A crop-spraying job ended in tragedy amid wind turbine country in southwest Minnesota.  

The plane nose-dived into a soybean field west of Ruthton Friday morning after striking a cable.   Investigators say the pilot, 68-year-old James Arnt of Worthington, died instantly.  

A bent electrical tower high above this bean field is a telltale sign of tragedy in southwest Minnesota.

“It’s a sad situation, I guess,” farmer Ben Kremer said.

The plane likely struck a wire attached to the tower which monitors wind conditions for nearby turbines.  The plane crashed some 500 feet east of the tower.

“We had a lot of responders up there and it’s traumatic for everybody that has to deal with that, not to mention the families involved and everything, but it’s a shock to everybody,” Pipestone County Sheriff Keith Vreeman said.

The farm families who rent the land where the plane went down are also shaken by the crash.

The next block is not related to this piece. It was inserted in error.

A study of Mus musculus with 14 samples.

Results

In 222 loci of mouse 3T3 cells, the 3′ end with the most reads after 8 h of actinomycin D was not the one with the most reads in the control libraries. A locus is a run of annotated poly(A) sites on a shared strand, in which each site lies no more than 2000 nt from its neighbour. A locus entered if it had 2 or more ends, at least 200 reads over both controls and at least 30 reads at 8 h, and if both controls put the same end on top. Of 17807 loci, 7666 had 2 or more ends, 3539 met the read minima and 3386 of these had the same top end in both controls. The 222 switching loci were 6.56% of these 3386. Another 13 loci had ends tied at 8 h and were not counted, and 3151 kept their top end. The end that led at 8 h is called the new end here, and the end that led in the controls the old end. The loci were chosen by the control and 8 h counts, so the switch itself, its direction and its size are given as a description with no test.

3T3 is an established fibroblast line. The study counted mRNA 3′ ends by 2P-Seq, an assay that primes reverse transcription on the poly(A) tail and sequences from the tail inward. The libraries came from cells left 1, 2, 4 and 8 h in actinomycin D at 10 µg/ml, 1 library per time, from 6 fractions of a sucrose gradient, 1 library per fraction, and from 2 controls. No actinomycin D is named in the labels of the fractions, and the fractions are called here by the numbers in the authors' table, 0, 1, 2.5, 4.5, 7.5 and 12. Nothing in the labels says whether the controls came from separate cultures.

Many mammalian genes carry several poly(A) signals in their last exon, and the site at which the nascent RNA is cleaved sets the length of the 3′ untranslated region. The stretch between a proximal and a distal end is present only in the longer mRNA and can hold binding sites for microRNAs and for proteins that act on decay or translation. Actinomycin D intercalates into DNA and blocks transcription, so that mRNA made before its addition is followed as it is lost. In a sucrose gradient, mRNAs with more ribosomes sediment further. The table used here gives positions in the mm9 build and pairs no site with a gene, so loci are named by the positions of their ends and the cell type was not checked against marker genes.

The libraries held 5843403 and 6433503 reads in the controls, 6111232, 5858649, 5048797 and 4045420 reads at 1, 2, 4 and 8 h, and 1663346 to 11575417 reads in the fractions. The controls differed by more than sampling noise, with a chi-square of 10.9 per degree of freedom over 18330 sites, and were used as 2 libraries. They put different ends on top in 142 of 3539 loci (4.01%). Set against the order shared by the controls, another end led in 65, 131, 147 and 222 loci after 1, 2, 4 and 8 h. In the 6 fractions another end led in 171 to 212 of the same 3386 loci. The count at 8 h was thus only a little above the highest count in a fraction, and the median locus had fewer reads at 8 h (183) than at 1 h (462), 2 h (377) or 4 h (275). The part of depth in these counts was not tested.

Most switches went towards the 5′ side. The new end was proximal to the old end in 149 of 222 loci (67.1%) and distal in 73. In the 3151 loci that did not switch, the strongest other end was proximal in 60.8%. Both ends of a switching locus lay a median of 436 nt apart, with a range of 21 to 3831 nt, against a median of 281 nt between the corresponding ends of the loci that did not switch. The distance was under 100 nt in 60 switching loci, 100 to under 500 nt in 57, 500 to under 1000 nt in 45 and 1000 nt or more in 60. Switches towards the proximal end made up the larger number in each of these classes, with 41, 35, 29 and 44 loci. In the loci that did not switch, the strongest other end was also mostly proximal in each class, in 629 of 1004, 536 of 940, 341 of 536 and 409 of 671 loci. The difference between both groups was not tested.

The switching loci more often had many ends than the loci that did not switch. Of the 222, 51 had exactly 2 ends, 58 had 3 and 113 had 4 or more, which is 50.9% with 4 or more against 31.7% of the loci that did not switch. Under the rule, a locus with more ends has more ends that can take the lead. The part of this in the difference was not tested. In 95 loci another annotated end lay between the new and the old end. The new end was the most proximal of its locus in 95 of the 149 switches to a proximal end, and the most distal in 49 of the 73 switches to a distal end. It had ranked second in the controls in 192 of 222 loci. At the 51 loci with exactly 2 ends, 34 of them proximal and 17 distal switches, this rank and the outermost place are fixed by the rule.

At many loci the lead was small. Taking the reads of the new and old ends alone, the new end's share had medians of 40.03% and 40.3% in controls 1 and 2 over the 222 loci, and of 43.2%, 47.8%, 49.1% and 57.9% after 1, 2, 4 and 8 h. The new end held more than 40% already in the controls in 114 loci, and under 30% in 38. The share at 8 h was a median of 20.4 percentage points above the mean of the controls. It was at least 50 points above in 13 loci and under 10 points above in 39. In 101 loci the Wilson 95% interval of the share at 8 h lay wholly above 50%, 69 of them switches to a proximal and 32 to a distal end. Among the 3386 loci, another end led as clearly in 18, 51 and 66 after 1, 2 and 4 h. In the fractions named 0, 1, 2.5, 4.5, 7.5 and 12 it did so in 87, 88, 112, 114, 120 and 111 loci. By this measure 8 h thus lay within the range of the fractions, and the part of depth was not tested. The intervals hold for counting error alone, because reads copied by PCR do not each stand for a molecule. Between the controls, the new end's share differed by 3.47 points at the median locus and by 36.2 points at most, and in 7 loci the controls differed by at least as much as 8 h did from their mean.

“You never like to hear about that stuff, but it happens, they know the risks, so but yeah, it’s never good,”  Kremer said.

Farmers in the area have been dealing with aphids eating up their soybean crop, so sprayers play an important role in preserving their fields for the fall harvest.

“They can take quite a bit of your crop away if you don’t spray them,” farmer Phil Kramer said.

“It’s an important job because they’ve got to get the aphids off the beans and that’s the only way they can do it.  It looks to be a dangerous profession,” Vreeman said.

After the plane struck the wire, the cable wrapped around power lines, prompting Xcel to temporarily shut off power to the wind turbines.  While crews repair the damage, federal investigators will work to piece together what led up to the crash that claimed the life of a veteran pilot, once honored by the FAA for his safe flying record.

According to his Facebook page, James Arnt first started flying back in 1970.

The sheriff says weather conditions at the time of the crash were cloudy.